SLAM (Simultaneous Localisation And Mapping) is the process of building a map by sensing the environment surrounding a robot and at the same time using that map to locate the robot and navigate it. This topic has been something of a hot item in robotics research for many years and is a core technology used in self driving cars and even robotic vacuum cleaners! The good news is that with a little work it is possible to do what was once cutting edge research with a LEGO EV3!
For me this is the end point of a long journey in LEGO robots. My very first use of LEGO robotics (using the Cybermaster kit) was to build a mapping robot. My first leJOS project (using an early version for the NXT) was to build another map building robot based on the design in Brian Bagnall’s book. Although both of these worked, they didn’t really allow me to duplicate some of the things I had been reading about in academic papers. Much of my work with leJOS and LEGO Mindstorms over the years has been trying to get to the point of being able to reproduce those experiments. You can see some of this journey in the following articles:
BNO055 IMU (This provides the IMU used by this project)
Improving position tracking of a mobile robot (combining the IMU with Odometry)
I2C on the EV3 (Fast i2c that allows capture of LIDAR scans)
EV3 LIDAR Sensor (The LIDAR sensor at the heart of this project)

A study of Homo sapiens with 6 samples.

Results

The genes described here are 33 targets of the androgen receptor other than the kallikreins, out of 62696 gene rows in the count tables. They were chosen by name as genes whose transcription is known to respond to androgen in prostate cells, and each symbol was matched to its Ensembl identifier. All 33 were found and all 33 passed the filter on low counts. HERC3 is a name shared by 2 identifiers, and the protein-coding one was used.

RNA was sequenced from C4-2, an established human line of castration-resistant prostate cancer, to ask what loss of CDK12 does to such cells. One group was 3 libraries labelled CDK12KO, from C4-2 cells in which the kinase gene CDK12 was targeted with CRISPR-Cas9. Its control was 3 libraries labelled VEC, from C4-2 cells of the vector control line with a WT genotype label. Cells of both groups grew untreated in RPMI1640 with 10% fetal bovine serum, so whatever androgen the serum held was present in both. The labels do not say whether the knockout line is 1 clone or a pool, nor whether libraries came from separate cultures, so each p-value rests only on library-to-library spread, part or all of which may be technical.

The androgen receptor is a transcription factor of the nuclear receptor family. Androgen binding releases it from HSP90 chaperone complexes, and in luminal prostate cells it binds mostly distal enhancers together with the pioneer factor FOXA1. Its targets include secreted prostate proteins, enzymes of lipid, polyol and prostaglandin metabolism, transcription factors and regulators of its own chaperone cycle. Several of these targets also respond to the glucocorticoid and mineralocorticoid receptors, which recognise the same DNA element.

The above components combined with other key leJOS features like the Chassis, motor synchronization and the communication capabilities that allow the use of programs split between the EV3 and a PC as explored in Line Following & Cooperating Robots (part 1) have allowed me to finally build a robot that can explore my house, build a map, avoid bumping into things (well mostly) and that will go where I tell it (some of the time!).
The robot that does the exploring (I call it Surveyor) can be seen above. The LIDAR scanner and IMU can clearly be seen. The data captured by these sensors along with odometry is sent to a PC based control program that handles the map building, localization and navigation functions. The display of this program looks like this:
To see the robot in action and watch the map being built and used, take a look at the following video:
You may be wondering why I didn’t simply plug the robot into something like ROS and make use of the many SLAM implementations and GUI control systems available for that. The simple answer is I wanted to understand as much as I could about how this all worked, I’ve been using this long running project to educate myself!
I’ve based my code on a Java implementation (BreezySlam) of a very simple SLAM system (coreSLAM) but have made extensive modifications (the slow scan rate of my LIDAR complicates things) and improvements. The navigation system is based on something called a Gradient Planner and the exploration algorithm is a fairly natural extension of that.
I hope to write a few more articles describing the SLAM, navigation and exploration models used. If you follow the above links you will get a good background. If you want to see the (very rough) source code it is here:
Note that this project uses some none standard hardware (the laser range finder and the IMU), some of which is no longer available (I use the first version of the rangefinder). Because of this, recreating this project is not trivial and may not even be possible without hacking some expensive hardware. The newer versions of the range finder do not seem to work well with the EV3, I don’t have the new hardware so can’t help you get it going, sorry.